Digital transformation is all around us.
You may notice this in your dealings with your favorite companies — the airline that addresses your complaints quickly via Twitter, the big-box retailer that sends you just the digital coupon you need while you’re shopping, the local pizzeria that lets you pay via a smartphone app. And, of course, you’ve got your Airbnb, your Instagram, and your Uber.
Over the last couple of years you’ve probably read umpteen stories about digital transformation in the business and IT press — just the other day on No Jitter Zeus Kerravala, UC analyst, told us about Cisco and its new digital solutions, “packaged offerings to help customers evolve into digital organizations.” While Zeus focused on Cisco’s Workplace Productivity solution for transforming the physical workspace, he noted the importance of digital solutions in general. “… natively digital organizations are creating upheaval in their markets at a speed never seen before in business, so IT and business leaders need to have a plan in place now.”
APIs Are All Around
Many digital transformation initiatives hinge on application programming interfaces, or, if you’re into the lingo du jour, what you know as APIs. They’re all around us, too — and have been for quite a long time. They’re the stuff that makes software work and your Web pages easy to navigate, for example. What’s newish, in the API realm in general and in enterprise communications in particular, are communications APIs — but they are quickly becoming a staple of the digital transformation.
I talked about this a bit in a call earlier this week with Mark Winther, group VP, telecom custom solutions, at IDC. Mark has written an in-depth report on cloud communications platforms that provide APIs, and will be kicking off the inaugural Communications API track at next month’s Enterprise Connect conference with his session, “Introduction to APIs: Why They’re Important for Communications.” Whether looking to engage employees, customers, or business partners in digital ways, productively and efficiently, APIs are going to be key, he said. They will serve as the interface between existing systems of record — your customer, inventory, pricing, and sales databases, for example — and your users, internal or external.
This work is taking place horizontally and vertically, Winther noted. In an example of the former, Salesforce talked about this sort of capability earlier this month when it shared product plans for its next-generation CRM platform, Salesforce Lightning. Using Twilio Voice APIs, Salesforce will incorporate click-to-call, auto-logging of calls, and call forwarding in Sales Cloud Lightning in a feature it’s calling Lightning Voice. And in an example of the latter, see a piece I’d written last year about how McLeod Software is using messaging APIs from Bandwidth to improve communications between the transportation logistics companies it serves and freight carriers.
Development work, as we’ll see during an “APIs in Action” demo session we have planned as part of the Communications API track, is taking place within enterprise organizations themselves, too. During this session, a telecommunications architecture manager with Michigan State University and the lead developer at Construction Monitor will give us live demonstrations of how their organizations are using communications APIs to better serve their users — digitally, of course. You’ll learn how they integrated communications APIs into their systems, what gotchas they encountered, and what benefits they’ve realized.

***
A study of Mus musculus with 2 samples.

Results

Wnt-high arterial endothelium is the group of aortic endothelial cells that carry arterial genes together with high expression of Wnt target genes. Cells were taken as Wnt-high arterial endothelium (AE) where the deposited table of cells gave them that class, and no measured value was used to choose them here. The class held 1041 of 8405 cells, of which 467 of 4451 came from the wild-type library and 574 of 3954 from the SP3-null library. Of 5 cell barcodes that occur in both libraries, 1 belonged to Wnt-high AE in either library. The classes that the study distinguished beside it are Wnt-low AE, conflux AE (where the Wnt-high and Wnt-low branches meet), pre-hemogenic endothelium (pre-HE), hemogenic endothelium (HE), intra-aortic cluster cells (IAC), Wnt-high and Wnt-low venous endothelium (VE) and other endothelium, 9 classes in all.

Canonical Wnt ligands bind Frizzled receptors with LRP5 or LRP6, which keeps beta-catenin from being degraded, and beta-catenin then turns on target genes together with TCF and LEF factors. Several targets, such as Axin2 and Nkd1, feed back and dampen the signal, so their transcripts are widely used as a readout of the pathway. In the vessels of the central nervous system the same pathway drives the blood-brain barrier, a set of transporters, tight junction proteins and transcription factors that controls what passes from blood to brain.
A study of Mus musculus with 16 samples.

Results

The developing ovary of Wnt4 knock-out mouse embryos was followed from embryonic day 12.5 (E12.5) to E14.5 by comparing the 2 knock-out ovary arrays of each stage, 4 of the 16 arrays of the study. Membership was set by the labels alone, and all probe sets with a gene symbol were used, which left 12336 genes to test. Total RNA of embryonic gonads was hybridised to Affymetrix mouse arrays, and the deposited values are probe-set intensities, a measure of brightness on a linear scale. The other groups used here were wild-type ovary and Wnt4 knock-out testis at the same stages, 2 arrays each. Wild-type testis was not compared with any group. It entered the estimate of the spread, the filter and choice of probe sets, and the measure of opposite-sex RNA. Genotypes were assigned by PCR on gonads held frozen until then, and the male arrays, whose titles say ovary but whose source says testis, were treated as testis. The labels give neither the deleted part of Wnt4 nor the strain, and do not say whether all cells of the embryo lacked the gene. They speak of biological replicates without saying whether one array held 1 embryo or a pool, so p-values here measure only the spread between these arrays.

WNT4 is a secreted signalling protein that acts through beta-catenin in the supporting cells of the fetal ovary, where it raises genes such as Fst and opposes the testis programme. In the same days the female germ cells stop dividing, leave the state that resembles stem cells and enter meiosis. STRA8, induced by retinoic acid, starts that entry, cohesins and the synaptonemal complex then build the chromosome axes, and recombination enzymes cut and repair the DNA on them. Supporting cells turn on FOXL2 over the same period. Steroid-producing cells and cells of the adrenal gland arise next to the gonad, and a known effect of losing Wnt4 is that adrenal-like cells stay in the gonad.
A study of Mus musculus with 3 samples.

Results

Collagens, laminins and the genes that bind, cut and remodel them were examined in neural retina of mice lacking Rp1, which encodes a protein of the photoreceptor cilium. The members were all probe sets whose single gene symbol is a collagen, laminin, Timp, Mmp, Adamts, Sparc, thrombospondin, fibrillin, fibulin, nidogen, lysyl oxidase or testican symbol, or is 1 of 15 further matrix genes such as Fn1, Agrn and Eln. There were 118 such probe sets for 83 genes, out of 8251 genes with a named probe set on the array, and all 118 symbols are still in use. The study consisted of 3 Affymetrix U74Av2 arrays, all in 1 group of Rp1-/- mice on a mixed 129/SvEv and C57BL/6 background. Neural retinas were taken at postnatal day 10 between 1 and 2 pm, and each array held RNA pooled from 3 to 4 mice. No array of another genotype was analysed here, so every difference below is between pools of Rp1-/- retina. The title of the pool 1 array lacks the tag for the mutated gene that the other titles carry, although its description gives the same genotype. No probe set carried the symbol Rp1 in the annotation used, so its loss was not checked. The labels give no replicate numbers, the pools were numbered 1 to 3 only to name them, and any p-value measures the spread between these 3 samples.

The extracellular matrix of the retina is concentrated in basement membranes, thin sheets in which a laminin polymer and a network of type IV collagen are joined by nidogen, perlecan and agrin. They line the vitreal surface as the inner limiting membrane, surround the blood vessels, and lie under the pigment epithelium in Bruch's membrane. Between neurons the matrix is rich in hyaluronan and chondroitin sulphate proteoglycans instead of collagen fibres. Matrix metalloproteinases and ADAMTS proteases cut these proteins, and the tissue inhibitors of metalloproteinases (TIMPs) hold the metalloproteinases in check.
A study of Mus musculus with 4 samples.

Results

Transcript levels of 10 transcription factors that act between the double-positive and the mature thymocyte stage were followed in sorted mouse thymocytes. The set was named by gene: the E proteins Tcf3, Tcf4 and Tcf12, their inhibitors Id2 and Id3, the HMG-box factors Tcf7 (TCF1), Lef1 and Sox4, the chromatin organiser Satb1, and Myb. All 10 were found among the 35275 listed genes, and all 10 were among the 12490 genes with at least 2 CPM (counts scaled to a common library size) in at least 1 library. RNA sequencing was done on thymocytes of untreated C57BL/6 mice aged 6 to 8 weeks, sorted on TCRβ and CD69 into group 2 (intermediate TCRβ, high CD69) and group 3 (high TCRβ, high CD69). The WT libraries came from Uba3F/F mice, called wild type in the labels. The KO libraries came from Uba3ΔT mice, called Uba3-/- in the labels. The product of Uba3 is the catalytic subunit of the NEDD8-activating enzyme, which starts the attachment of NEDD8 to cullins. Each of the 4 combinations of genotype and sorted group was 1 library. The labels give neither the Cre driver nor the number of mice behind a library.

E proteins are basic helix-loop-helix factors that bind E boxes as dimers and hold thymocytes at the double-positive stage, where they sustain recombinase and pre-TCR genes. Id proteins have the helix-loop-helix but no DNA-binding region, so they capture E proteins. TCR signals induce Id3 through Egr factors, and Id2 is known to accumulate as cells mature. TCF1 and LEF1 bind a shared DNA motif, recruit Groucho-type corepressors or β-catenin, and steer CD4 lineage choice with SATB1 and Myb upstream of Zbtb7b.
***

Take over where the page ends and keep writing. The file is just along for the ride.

Power in the Knowing
The real power of communications APIs, as these demos will surely show, is in the ability to inject context into every call and message, Winther said. That context, he added, could be provided via user’s browser activity, apps in use, device settings like calendar events, device capabilities like microphone, camera, and location, and so on. This is a topic we’ll be tackling in another Communications API track session, “Contextual Communications: Coming of Age at Last?”
As you consider enterprise communications in a digital context, you might move from a premises-based PBX to a cloud communications system. And that’d be great, but that alone isn’t enough, Winther cautioned. “You’re still not going to get the context. You’re not going to make those calls richer and more productive. The only way you’re going to get there is with APIs.”
Why is that? Because APIs allow you to embed real-time communications in any mobile app, website, or business process.
“Communications is no longer a standalone, dedicated, monolithic infrastructure somewhere,” as Winther pointed out. “Now you can put it into anything, and with APIs, that’s simple. You’re talking about a couple of lines of code to get going. That’s where the value comes in.”
Are you ready to find out more about communications APIs and the value they can bring to your organization in this era of all things digital? Join us at Enterprise Connect, coming March 7 to 10 in Orlando, Fla., and participate in our Communications API track and visit communications API providers in the Exhibition Hall. We look forward to seeing you there!
If you haven’t yet signed up, register today, using the code NJPOST, to save an additional $200 off the early bird rate. This discount code, which expires today, Feb. 19, is valid for Entire Event and Tue-Thu Conference passes and represents a total savings of $700 off the onsite price. As an added bonus, you can get even bigger savings when you register three or more attendees from your company.